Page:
City Council announced plans at its Wednesday evening meeting to declare East Lansing’s Downtown Development Authority District – spanning Grand River Avenue from Valley Court Park to Hagadorn Road – a mandatory mask-wearing zone in terms of public spaces.
This would include roads, sidewalks, and other publicly-owned spaces.
The discussion follows on the heels of MSU suspending football practice and requesting all football players undertake a two-week quarantine after 16 athletes and 4 staff members tested positive for COVID-19. And, of course, the specter of the Harper’s outbreak cluster looms large as tens of thousands of students are poised to return to East Lansing.
During the discussion item, City Manager George Lahanas told Council that under recently-passed City Ordinance 1488, the Mayor can declare a State of Emergency and then institute special rules and regulations to accompany the order. Within seven days of the order, Council would need to meet and reaffirm the new regulations.
Lahanas requested that Mayor Aaron Stephens declare an emergency and order the Downtown area – following the Downtown Development Authority’s (DDA) boundaries – a mandatory mask-wearing zone in advance of Council’s August 11 meeting. Council could then approve these moves at the August 11 meeting, when Council is expected to be joined by two newly-appointed members.
Lahanas stated that while the crowds are currently thin in the downtown area, students will begin returning as early as August 1, with their numbers ratcheting up quickly after August 15. He suggested that Stephens declare the emergency on August 5.
Both Stephens and Lahanas referred to the mandatory mask zone as something that has grown out of larger conversations with the university, public health officials, and the Responsible Hospitality Committee (a trade association of local bars and restaurants).
Last week, the DDA permitted the Downtown Management Board (DMB) to reallocate $20,000 of its budget toward signage about mask wearing and other public health measures, but it seems that advice is not seen as enough by City leaders.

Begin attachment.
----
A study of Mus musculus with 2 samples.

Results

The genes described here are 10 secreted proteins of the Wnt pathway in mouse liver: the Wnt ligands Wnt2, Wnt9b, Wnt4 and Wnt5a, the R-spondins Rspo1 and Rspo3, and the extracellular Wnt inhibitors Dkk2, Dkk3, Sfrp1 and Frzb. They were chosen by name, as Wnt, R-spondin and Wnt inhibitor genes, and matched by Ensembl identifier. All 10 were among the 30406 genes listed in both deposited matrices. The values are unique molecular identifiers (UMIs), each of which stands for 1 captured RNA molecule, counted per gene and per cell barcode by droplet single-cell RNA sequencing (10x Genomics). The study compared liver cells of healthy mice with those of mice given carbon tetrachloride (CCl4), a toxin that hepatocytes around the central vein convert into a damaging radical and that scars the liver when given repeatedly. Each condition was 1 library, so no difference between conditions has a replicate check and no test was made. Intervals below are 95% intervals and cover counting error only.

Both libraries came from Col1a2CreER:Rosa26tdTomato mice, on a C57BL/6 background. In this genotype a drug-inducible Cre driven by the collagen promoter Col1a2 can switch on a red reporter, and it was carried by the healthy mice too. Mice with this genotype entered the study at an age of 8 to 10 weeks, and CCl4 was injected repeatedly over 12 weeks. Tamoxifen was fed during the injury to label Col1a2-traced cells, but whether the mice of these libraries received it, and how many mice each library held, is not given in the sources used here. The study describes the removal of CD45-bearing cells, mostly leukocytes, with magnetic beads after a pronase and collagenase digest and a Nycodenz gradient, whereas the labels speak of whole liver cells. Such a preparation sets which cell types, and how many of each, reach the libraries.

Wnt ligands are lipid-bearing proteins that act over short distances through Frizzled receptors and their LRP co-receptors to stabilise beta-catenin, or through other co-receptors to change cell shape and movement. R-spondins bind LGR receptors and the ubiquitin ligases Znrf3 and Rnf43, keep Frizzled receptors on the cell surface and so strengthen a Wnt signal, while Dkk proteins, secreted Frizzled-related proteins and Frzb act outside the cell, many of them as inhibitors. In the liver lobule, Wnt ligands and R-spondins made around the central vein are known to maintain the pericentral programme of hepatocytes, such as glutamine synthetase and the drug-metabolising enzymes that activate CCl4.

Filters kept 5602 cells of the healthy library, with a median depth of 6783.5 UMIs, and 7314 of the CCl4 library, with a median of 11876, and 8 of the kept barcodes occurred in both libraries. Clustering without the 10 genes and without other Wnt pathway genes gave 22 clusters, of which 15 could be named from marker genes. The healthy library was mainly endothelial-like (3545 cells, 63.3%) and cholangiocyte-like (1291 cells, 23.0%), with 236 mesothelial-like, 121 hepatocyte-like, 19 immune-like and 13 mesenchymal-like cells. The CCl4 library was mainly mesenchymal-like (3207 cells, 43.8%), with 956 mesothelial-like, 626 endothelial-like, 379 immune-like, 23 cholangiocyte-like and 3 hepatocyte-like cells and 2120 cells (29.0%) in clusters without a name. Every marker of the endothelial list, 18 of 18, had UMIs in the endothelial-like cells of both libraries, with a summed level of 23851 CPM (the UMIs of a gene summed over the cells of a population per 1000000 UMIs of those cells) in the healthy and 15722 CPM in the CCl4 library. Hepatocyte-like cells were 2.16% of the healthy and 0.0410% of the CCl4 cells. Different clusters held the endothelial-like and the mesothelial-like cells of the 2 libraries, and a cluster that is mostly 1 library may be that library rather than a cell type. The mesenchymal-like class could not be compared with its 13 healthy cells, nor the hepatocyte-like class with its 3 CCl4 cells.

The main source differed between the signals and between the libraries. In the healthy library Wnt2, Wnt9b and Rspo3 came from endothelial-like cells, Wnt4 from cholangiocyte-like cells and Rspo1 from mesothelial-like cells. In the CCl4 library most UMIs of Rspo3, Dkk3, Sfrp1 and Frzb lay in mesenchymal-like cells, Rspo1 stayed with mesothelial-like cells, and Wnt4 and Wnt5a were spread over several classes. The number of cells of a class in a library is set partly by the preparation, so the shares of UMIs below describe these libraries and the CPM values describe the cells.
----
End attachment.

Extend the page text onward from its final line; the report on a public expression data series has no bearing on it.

Council and the City Manager seemed in agreement that mask-wearing should not be left to the police to enforce. Instead, Lanahas plans for the City to hire “ambassadors” – identified by uniform t-shirts – to walk around downtown on the weekends to encourage mask-wearing and to provide masks to those without them.
This would mimic MSU’s plan and provide “a peer-to-peer” approach.
Gregg expressed a lack of enthusiasm for the measure since Governor Whitmer’s executive orders already make it mandatory to wear a mask when it is impossible to maintain six feet of distance from others.
However, she said that she “sees the wisdom” of the order since “people are not self-regulating” in crowded situations.
Gregg said she believes it is important for restaurants and bars to regulate their lines by reducing the number of people waiting in line and enforcing masking regulations.
According to Lahanas, many venues are now using electronic waiting lists.
Stephens said that some local bars are considering only allowing those with reservations to gain entry on MSU football game days if MSU sticks with its plan for fall athletics.
When asked what she thought, Babcock referred to a comment she said her high school English teacher made: “Laws are made for the lowest common denominator.” She concluded that the policy is necessary for the small percentage of people who are not complying with the executive order.
East Lansing residents should expect to see a memo outlining more details in advance of the August 11 meeting.